May 7, 2008
Pitchers fighting against muscle memory.

Here is something I heard more times than I can count when questioning Dads that catch for their daughter/pitchers in practice.

I will ask them how their practices go, and do they have a regular normal routine? Most of the time the reply will be something on these lines; “After she warms up we will throw 25 riseballs, 25 drops, 25 curves, 25…..” whatever other pitches she is working on.

I tell them great and then ask them to think back to the last practice session they had. How was the first riseball she threw? Answer; Not good. The 2nd ? Better but not great. The 3rd ? Great.

Ok, when you switched to the dropball, after those 25 riseballs, how was the first one? Awful. The 2nd ? Much better but not great. The 3rd one? Awesome.

I then ask them if at the end of the session, once they have thrown 25 of everything, do they ever go from throwing one movement pitch, to another, to a different one, and back and forth like that, never two of the same in a row? Answer; “Uhhh, no.”

Then I will suggest they do exactly that during their practices the next week and let me know how it goes.

The next week they come back and the report is usually something like; “We jumped back and forth between different pitches like you said to. We did this for about 20 minutes. The first 6 or 7 minutes of this part of the workout was awful, nothing seemed to work well and they were all over the place. The rest of that part she did great and everything was right on the money and movin good”.

Does anyone see the emerging pattern here?

You pitch like you practice. If you have just thrown 25 riseballs, your short term muscle memory will be in a riseball frame of mind. That short-term muscle memory takes over. Now you ask your body to throw a dropball and the first one does not work well at all. The 2nd one is better and on the third one it all comes back and it works exactly like you want it to in a game.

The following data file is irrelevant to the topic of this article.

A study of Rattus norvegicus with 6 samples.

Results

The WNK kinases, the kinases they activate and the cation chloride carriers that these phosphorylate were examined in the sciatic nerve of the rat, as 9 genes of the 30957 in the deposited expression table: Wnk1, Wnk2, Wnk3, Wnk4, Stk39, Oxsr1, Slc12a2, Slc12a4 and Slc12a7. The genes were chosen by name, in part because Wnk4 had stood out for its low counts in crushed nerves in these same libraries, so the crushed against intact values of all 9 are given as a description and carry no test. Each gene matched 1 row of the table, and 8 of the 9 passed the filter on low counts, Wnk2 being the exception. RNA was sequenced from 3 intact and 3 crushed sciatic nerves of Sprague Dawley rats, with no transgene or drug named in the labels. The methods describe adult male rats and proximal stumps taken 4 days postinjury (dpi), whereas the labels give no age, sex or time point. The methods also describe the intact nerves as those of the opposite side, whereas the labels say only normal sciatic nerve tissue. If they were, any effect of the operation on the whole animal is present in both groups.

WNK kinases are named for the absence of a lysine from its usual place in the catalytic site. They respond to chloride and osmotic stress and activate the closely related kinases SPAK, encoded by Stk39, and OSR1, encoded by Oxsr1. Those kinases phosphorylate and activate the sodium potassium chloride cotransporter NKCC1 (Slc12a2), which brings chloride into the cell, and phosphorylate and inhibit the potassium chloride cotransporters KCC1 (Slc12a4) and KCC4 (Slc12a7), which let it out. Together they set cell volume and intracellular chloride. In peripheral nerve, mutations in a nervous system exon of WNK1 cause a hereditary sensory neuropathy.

THAT IS A HIDDEN PROBLEM and more serious than you think. In a game situation you DO NOT have the luxury of throwing three dropballs in a row before one actually works. The FIRST one had better work. However, if you never practice jumping back and forth from one movement pitch to the other, you should expect things like that to happen.

This is a battle, especially for a young pitcher. This is a battle of a pitcher fighting their own short-term muscle memory.

This is where a pitcher must rely on their brain to think to win that battle and, they must think quickly. Too many young pitchers rely on muscle memory ALONE to do ALL their thinking. You have to practice your pitches to build muscle memory and perfect those pitches. However, when it is game time, your brain MUST take charge and make all the correct decisions AND you usually have about 2 seconds to make those correct decisions.

My suggestion is obvious here. Do your normal practice routine throwing multiples of the same pitch. At the end of the session, mix them all up and do not throw 2 in a row of the same thing, jump back and forth from one movement pitch to another movement pitch, just like you will have to do in the game.

Practice that too and make it the last thing you do at your practice sessions and it will be the first thing you do in the game.

Get in the habit of making those decisions quickly. You cannot afford to ‘practice’ that dropball with a batter in the box.

Pitch smart. Practice smart and have a great season.

Coach Hal

Winning Fast Pitch Softball
Jul 17, 2008
in the dugout
great advice. this is something we've been doing for while and i'm sure one of the multitude of pitching coaches we've had taught us this.

would you also suggest doing this in pregame warmups too?